TRENTON, NJ - Gov. Phil Murphy has signed bipartisan legislation sponsored by Sen. Christopher “Kip” Bateman (R-Somerset/Hunterdon/Middlesex/Mercer) that will offer grants to nonprofits, including houses of worship, to increase security and keep families safe from violence, and threats of bias and intimidation.
“We all need be extremely concerned about the rise of anti-Semitism and bias crimes in our country. New Jersey is one of the most diverse states in the nation, but these crimes are happening here, too,” Bateman said. “There was a 32 percent spike in anti-Semitic incidents in 2017 in our state. I am glad to see us take action on a bipartisan basis to stand up to hate and ensure that our houses of worship and nonprofits can continue to be beacons of hope for people in need. No one should be forced to worship in fear.”
The legislation amends the “New Jersey Nonprofit Security Grant Pilot Program” to permit eligible nonprofit organizations to use grant funding to take action to safeguard their facilities.
These security measures could include acquiring target hardening equipment, such as security doors or windows; or hiring permanent or temporary security personnel to guard the premises. The grant program is housed within the Office of Homeland Security and Preparedness.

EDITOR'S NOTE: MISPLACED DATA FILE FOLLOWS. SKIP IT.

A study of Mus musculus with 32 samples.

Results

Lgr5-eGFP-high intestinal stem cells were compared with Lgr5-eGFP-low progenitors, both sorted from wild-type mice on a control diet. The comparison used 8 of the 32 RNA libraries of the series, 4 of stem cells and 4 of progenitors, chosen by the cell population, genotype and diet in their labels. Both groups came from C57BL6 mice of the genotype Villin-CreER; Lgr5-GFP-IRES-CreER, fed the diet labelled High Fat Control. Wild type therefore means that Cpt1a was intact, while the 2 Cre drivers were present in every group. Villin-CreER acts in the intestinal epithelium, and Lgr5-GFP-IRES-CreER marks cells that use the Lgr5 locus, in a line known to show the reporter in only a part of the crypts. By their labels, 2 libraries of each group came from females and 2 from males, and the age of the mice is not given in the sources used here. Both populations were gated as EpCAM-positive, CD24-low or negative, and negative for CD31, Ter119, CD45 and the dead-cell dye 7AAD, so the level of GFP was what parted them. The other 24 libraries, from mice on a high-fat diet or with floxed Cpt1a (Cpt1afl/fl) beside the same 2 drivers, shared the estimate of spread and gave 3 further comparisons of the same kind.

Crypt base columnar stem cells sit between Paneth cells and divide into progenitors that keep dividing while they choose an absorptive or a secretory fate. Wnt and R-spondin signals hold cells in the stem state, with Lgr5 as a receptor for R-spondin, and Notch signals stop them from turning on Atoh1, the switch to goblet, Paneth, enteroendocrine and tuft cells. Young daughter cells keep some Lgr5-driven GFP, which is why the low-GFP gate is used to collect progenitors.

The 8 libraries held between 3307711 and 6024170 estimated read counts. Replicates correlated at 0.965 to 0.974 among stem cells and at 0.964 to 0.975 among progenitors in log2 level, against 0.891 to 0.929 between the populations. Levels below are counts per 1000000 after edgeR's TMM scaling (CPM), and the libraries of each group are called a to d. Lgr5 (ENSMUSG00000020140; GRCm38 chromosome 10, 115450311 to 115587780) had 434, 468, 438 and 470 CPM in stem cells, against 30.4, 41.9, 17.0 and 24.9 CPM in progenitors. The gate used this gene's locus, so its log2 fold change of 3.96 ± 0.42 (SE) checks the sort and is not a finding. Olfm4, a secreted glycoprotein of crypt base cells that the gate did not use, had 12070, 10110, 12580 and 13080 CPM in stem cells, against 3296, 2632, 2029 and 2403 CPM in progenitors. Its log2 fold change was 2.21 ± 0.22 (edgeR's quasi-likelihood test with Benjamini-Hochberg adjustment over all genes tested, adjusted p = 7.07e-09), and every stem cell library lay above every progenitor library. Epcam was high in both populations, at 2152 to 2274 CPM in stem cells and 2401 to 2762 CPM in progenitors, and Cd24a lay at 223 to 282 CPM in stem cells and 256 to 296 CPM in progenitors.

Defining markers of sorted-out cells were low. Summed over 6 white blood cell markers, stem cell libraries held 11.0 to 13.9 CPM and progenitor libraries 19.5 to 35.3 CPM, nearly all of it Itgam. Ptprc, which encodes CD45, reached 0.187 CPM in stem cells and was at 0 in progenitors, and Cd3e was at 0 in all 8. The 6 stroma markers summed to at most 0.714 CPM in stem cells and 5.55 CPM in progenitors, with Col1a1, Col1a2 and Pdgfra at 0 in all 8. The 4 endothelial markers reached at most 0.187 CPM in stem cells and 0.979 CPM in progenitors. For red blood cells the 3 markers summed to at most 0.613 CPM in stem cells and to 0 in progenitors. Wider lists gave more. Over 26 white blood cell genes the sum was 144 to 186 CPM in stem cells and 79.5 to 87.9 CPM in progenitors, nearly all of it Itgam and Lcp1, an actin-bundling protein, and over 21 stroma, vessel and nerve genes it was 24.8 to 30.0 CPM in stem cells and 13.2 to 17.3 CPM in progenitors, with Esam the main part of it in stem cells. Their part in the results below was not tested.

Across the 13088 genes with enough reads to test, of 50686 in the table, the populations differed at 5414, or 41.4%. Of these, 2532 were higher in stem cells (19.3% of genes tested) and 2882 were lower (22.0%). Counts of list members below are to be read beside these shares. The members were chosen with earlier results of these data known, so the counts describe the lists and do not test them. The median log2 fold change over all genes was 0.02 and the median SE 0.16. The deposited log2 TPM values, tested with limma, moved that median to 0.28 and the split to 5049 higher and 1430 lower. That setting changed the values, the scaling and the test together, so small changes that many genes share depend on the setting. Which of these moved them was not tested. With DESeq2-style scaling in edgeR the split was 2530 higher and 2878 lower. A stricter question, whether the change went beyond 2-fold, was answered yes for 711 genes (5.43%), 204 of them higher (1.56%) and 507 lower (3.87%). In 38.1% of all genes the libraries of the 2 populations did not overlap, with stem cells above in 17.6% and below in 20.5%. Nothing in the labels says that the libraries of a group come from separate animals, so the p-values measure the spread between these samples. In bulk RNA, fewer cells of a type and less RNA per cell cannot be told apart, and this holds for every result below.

Under the law, each eligible nonprofit could receive a maximum grant award of $50,000 for target hardening equipment. Applicants are permitted to apply for either personnel or equipment grants, or both, in each year of the pilot program, but OHSP may only award funds for one of the two purposes in a given year.
Nationally, in 2017, there was a 57 percent increase from 2016 in anti-Semitic incidents and, for the first time, anti-Semitism was reported in all 50 states, including New Jersey, which saw a 32 percent spike.
The state Attorney General also reported that, in 2016, bias and hate crimes in New Jersey increased nearly 14 percent from the previous year.
In 2016 alone, 124 incidents involved victims targeted for their Jewish faith and an additional 26 incidents involved victims targeted for their Muslim faith. According to the FBI, the greatest increase in faith-based crimes was against Muslims, an increase of 19 percent from 2015 to 2016.
“Hate has no home in New Jersey,” Bateman said. “We cannot stay silent and allow people to threaten our communities or the people that live and worship here. We are in the midst of a difficult chapter in our nation’s history, but we can’t lose hope.
“This legislation sends the message that we are committed to keeping New Jersey a welcoming place for everyone: regardless of your faith or national origin, please know that we will work hard to keep you safe. I am very proud to be a part of this bipartisan effort and I look forward to embracing future opportunities to promote peace and tolerance for all.”